John McKay


Interviewed by James Mottram

What was the starting point for the film?

I thought, What's the point in doing stories about people who are right in the middle of something? It's far more interesting to do stories about people who are on the edge. The starting point with "Crush" is women who are on the verge of "never again". Never mind, "32 and no babies", what about "41 and am I going to spend the rest of my life alone?". It's a starker choice, and seemed to me to be funnier and more desperate.

Do you find it easy to write for women?

I don't know if it comes naturally, but I find it interesting to write for women. I used to write almost exclusively about men. One day I noticed a lot of women were in the audience for my plays. I turned the corner and now I really like writing for women. In fact, I think I have a problem writing for men.

Why did you change the title from its original name, "The Sad F***ers Club"?

I quite happily was involved in changing the title. It was called "Crush" seven years ago when it was a play, which contained the seed of the film. I called it "The Sad F***ers Club", which was a great title for development. Nobody ever put it to the bottom of the pile. When we began to make the film, it became clear that the people who are going to enjoy the film most are women of all ages, but particularly ones over 25. They don't mind reading such language, or hearing it in a film, but they don't necessarily want to say it to a ticket clerk at the UCI!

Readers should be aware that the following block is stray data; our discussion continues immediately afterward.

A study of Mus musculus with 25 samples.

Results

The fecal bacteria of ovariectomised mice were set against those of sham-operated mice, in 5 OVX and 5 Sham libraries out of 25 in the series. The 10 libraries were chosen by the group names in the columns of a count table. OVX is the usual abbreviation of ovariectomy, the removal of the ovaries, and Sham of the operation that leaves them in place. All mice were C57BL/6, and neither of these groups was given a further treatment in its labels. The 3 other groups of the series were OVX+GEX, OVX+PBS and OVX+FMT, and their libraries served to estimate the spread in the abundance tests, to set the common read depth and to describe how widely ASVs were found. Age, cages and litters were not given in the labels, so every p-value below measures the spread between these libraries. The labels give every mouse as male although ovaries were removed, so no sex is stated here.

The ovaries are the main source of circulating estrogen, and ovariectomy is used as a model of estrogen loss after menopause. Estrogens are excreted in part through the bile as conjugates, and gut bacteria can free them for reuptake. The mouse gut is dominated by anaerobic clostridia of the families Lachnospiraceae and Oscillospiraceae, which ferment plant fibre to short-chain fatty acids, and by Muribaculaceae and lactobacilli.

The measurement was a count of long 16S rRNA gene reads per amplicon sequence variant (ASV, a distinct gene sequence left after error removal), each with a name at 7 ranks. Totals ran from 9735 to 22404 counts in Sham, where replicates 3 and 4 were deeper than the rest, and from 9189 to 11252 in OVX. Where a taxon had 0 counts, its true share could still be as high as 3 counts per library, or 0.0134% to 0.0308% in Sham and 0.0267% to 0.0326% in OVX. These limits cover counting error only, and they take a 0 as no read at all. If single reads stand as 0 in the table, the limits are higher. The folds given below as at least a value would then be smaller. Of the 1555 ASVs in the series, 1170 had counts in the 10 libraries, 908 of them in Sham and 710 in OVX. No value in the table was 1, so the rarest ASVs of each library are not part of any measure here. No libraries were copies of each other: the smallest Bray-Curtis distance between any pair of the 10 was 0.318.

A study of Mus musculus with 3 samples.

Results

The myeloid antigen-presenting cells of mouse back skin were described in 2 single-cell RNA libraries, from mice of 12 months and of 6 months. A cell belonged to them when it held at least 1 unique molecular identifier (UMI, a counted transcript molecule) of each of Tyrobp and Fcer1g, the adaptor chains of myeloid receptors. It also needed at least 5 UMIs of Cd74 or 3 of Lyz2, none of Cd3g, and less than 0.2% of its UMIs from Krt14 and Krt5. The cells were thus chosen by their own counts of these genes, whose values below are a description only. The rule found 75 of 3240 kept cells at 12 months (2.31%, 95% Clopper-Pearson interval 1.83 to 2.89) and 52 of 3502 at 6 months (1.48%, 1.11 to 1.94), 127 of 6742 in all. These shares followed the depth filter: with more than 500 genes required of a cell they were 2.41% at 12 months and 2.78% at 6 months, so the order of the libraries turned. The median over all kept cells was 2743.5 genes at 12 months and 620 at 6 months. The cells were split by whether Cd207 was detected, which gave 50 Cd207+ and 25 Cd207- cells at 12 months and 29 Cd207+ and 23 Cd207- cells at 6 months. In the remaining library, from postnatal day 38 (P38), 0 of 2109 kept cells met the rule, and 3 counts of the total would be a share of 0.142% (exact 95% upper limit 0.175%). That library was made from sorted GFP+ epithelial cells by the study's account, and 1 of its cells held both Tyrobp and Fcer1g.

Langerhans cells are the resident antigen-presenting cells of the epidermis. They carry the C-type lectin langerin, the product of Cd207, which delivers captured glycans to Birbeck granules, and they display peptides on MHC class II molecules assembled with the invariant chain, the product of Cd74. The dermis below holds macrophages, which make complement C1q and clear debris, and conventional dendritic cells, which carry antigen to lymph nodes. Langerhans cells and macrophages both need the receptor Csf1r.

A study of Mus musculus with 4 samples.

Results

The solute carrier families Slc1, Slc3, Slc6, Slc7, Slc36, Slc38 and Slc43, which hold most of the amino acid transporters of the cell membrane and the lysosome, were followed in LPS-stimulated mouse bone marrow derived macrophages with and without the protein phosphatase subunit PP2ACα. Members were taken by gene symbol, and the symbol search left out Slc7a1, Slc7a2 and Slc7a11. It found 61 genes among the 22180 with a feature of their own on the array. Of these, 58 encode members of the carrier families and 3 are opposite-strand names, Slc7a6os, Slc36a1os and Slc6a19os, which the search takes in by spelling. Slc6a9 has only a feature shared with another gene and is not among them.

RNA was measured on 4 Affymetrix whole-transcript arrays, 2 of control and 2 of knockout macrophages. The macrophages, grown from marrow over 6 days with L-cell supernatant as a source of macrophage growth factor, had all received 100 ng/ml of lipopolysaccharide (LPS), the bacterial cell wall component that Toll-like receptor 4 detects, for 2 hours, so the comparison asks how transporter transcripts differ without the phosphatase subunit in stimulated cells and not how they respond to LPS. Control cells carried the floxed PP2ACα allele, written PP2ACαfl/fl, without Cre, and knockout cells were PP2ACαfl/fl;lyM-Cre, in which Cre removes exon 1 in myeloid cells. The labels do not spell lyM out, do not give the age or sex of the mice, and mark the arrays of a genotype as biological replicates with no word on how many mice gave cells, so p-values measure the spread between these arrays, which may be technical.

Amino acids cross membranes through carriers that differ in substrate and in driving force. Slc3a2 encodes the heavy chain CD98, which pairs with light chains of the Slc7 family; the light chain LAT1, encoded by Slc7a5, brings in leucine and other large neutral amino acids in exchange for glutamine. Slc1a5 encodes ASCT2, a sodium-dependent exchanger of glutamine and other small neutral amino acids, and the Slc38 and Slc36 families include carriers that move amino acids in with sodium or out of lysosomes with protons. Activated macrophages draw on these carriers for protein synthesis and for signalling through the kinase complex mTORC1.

What convinced you to cast Anna Chancellor?

Anna was the last one to be cast. When she came in and did a test, she just lit up the room. She was terribly sexy and funny, and a complete cow! I was impressed by the fact that she came in and told me it was a terrible script and that the character was badly written!